Iran: Shipwrecked in Asia
Image Credit: Jean-Pierre Bazard

Iran: Shipwrecked in Asia

 
 

The crisis at the Fukushima nuclear power plant following the devastating earthquake and tsunami that wreaked havoc in north-eastern Japan has again thrown the spotlight on an industry that has always struggled for public acceptance. But the nuclear danger is also a reminder of the threat posed by rogue states that harbour atomic ambitions, including Iran.

Undermining Iran’s nuclear programme remains near the top of the US foreign policy agenda, and a change in strategy by the United Nations Security Council — at Washington’s behest — is being felt far and wide, particularly in East Asia. And while the new approach may not grab many headlines, it’s already showing some useful results.

In an effort to halt Iran’s controversial efforts by choking off the supply of materials, international focus has shifted to financial services and the world’s shipping lanes, which deliver goods Tehran needs to continue developing its nuclear programme.

mortgaged vessels, and as insurers refuse to underwrite the company’s operations.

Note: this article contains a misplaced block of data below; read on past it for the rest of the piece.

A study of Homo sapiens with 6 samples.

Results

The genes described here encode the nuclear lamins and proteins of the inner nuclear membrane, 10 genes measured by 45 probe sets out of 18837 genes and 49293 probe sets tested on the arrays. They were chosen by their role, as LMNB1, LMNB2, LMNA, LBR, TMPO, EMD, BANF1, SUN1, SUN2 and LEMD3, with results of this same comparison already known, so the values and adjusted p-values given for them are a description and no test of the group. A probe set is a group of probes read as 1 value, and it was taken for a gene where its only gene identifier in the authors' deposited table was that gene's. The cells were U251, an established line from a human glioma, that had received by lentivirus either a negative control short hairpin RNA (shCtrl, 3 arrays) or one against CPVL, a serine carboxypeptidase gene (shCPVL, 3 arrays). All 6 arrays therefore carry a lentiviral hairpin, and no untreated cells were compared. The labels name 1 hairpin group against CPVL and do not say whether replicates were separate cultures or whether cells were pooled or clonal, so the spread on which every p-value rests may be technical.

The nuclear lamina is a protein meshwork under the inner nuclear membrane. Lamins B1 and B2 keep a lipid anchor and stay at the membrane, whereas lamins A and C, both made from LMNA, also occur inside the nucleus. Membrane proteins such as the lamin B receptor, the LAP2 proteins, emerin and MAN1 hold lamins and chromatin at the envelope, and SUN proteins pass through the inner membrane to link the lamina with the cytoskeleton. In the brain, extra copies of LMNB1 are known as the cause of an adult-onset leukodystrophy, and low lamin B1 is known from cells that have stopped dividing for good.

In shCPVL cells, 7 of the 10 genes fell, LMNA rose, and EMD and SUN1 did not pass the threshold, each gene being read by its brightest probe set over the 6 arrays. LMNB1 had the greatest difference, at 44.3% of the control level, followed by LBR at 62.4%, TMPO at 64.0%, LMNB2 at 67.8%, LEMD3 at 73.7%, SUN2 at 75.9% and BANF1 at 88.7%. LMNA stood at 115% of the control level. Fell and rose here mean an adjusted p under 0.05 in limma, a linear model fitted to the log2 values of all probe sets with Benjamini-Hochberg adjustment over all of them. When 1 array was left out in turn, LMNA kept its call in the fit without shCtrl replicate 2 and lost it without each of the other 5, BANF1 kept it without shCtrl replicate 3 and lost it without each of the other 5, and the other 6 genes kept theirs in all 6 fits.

IRISL ships were once a common sight in Asian ports, Hong Kong, Singapore, Thailand and in the Malaccan Straits dividing Malaysia and Indonesia. Its ships were among the biggest and newest to ply the waterways, and mostly transported goods supplied by Chinese companies.

David Albright, a US nuclear physicist who inspected Iran’s nuclear facilities for the UN’s atomic energy agency, says China is key to Tehran’s nuclear designs as a supplier of high strength maraging steel, specialty vacuum pumps, Kevlar and carbon fibre.

‘Over and over, Iran goes there to buy things,’ Albright said after the United Nations imposed the latest round of sanctions against Iran in June last year.

The United States and its allies argue Iran’s nuclear programme is a cover for weapons development, and sanctions are credited with hindering Iranian efforts to acquire materials used in centrifuges to enrich uranium to make a nuclear bomb. Tehran, for its part, denies the allegations, saying its nuclear industry is for electricity generation and civilian use, although few in the international community believe them.

Regardless of Iranian intentions, sanctions recently came to a head in Singapore, where a sheriff’s sale of three IRISL ships was organized after the vessels were seized.

The courts later released the ships, after IRISL found the cash to meet calls on loan repayments, and Chairman Mohammad Hossein Dajmar went on the offensive, rebuking Singapore and the banks for impounding his ships. ‘We had a loan and (the banks) changed it from a loan to a due payment because of sanctions…they committed a violation because the loan contract was signed before the sanctions,’ he said.

He also told the Financial Times that sanctions hadn’t hurt the company, insisting revenue for the eight months from March 2010 was up 40 percent, while shipping transactions were up 25 percent.